This past summer, Alastair released Singing Our Way Through: Songs for the World's Bravest Kids, an album which grew out of songs co-written with his daughter after she was diagnosed with leukemia in 2012 (she's doing great). Read about Moock's campaign to bring this new (now GRAMMY-nominated) project to hospitals, clinics, and camps around the country.
Nearly twenty years into his performing career, Alastair Moock has managed to carve out a unique niche for himself: He is a songwriter committed to celebrating the roots of American music while knocking down the walls between different audiences, genres and musical traditions. Today, his audiences range from adults all the way down to preschoolers, and he plays everything from nightclubs to theaters to schoolrooms. Like his boyhood hero, Woody Guthrie, Moock believes in the power of music to reach all people — young and old, far and wide, for all occasions.
Moock started performing in 1995, moving from his home outside New York City to the folk haven of Boston, Massachusetts. After honing his skills on Boston's open mike stages and working his way up through the local coffeehouse and club circuit, he began touring around the U.S. By 2002, he had performed at some of the top listening rooms and outdoor events in the country, including the Newport and Falcon Ridge Folk Festivals, The Old Town School of Folk Music in Chicago, and The Bluebird Café in Nashville. In 2003 he made his first trip to Europe, where he performed at the prestigious Bergen Music Fest in Norway. Since then he has made numerous trips across the pond with appearances in Scandinavia, Germany, Belgium, France, the Netherlands, and the UK.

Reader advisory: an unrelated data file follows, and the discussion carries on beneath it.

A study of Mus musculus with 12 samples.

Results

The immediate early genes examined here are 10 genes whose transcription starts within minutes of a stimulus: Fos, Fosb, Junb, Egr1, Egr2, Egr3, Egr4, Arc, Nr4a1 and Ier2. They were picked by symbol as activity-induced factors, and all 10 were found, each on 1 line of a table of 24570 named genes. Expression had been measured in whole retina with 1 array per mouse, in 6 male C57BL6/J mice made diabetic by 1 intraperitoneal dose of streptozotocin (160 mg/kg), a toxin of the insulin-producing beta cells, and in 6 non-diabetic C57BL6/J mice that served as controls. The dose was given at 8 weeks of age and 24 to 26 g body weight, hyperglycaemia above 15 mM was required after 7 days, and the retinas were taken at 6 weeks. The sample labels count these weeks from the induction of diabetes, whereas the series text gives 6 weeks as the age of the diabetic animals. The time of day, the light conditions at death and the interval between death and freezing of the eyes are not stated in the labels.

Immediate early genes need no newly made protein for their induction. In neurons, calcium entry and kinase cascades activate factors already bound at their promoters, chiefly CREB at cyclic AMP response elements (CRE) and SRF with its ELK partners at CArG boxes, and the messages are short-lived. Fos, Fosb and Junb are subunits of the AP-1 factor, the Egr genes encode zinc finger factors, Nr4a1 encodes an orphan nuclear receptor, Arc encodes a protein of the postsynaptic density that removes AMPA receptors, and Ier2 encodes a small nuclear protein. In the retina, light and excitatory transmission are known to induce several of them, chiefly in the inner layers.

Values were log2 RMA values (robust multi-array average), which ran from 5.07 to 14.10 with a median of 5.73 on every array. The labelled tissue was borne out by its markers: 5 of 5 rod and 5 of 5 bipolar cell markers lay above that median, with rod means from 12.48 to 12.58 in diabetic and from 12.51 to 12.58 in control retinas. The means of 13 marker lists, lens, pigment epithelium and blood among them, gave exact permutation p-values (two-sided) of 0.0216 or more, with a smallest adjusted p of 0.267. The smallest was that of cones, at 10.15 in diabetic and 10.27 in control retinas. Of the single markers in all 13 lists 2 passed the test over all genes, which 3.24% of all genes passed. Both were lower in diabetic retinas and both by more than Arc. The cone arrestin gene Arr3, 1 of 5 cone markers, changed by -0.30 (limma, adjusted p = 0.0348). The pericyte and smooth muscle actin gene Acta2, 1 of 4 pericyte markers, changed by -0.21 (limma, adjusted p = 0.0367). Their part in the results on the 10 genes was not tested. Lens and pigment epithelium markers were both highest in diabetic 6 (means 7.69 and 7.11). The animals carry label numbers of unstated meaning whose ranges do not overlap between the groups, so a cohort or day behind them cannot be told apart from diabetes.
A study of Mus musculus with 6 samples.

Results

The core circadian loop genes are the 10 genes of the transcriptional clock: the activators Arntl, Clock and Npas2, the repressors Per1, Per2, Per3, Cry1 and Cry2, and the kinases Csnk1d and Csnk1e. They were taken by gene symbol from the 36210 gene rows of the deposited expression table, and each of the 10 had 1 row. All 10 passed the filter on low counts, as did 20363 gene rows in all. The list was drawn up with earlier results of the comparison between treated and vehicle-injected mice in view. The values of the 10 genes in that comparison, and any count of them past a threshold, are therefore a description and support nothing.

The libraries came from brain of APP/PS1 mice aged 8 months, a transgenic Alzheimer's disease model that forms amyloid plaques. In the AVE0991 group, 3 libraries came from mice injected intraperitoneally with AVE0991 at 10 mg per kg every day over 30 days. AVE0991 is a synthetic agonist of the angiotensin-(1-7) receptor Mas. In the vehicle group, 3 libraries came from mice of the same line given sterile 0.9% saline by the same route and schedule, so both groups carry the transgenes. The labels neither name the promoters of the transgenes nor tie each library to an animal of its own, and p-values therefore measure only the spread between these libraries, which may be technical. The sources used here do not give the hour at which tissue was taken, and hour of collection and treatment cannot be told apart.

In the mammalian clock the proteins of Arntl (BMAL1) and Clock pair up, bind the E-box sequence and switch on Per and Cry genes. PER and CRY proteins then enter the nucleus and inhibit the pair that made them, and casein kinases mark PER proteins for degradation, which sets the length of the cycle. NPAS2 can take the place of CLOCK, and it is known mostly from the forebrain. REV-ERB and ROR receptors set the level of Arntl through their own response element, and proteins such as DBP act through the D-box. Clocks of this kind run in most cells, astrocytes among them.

In 2007, on the heels of Fortune Street, his fifth album and second on CoraZong Records, Moock was nominated for a Boston Music Award for Outstanding Singer-Songwriter
of the Year. The Boston Globe calls him "one of the town's best and most adventurous
songwriters" and The Washington Post says "every song is a gem."
Throughout his career, Moock had worked with and occasionally performed for kids on the side, but it wasn’t until his twin daughters were born in 2006 that he was inspired to make his first foray into family music. In 2010, he joined the roster of Young Audiences of Massachusetts to bring his program Music and Social Change to students throughout the state. That same year, he released his first family music album, A Cow Says Moock. Both that album and its follow-up, These Are My Friends, were met with critical acclaim.
But it is Moock’s newest album, Singing Our Way Through: Songs for the World’s Bravest Kids, which is nearest and dearest to his heart. In July of 2012, one of Alastair’s daughter’s was diagnosed with leukemia. The Singing Our Way Through project began when they started writing songs together in the hospital. Over the next several months, Moock continued to write and collect songs that reflected his family’s experiences – the love, the pride, the surprising amount of joy, and some of the more difficult parts too.
Moock decided he wanted to record an album for other families traveling similar paths. With the help of an amazing fundraising campaign and the musical talents of friends including co-producer Anand Nayak, Chris Smither, Aoife O’Donovan, Rani Arbo, Mark Erelli, The Okee Dokee Brothers, and (fellow 2014 Grammy nominee) Elizabeth Mitchell, Moock released Singing Our Way Through in July, 2013. Since then, more than 2,000 albums have been distributed to hospitals, cancer organizations and patient families around the country.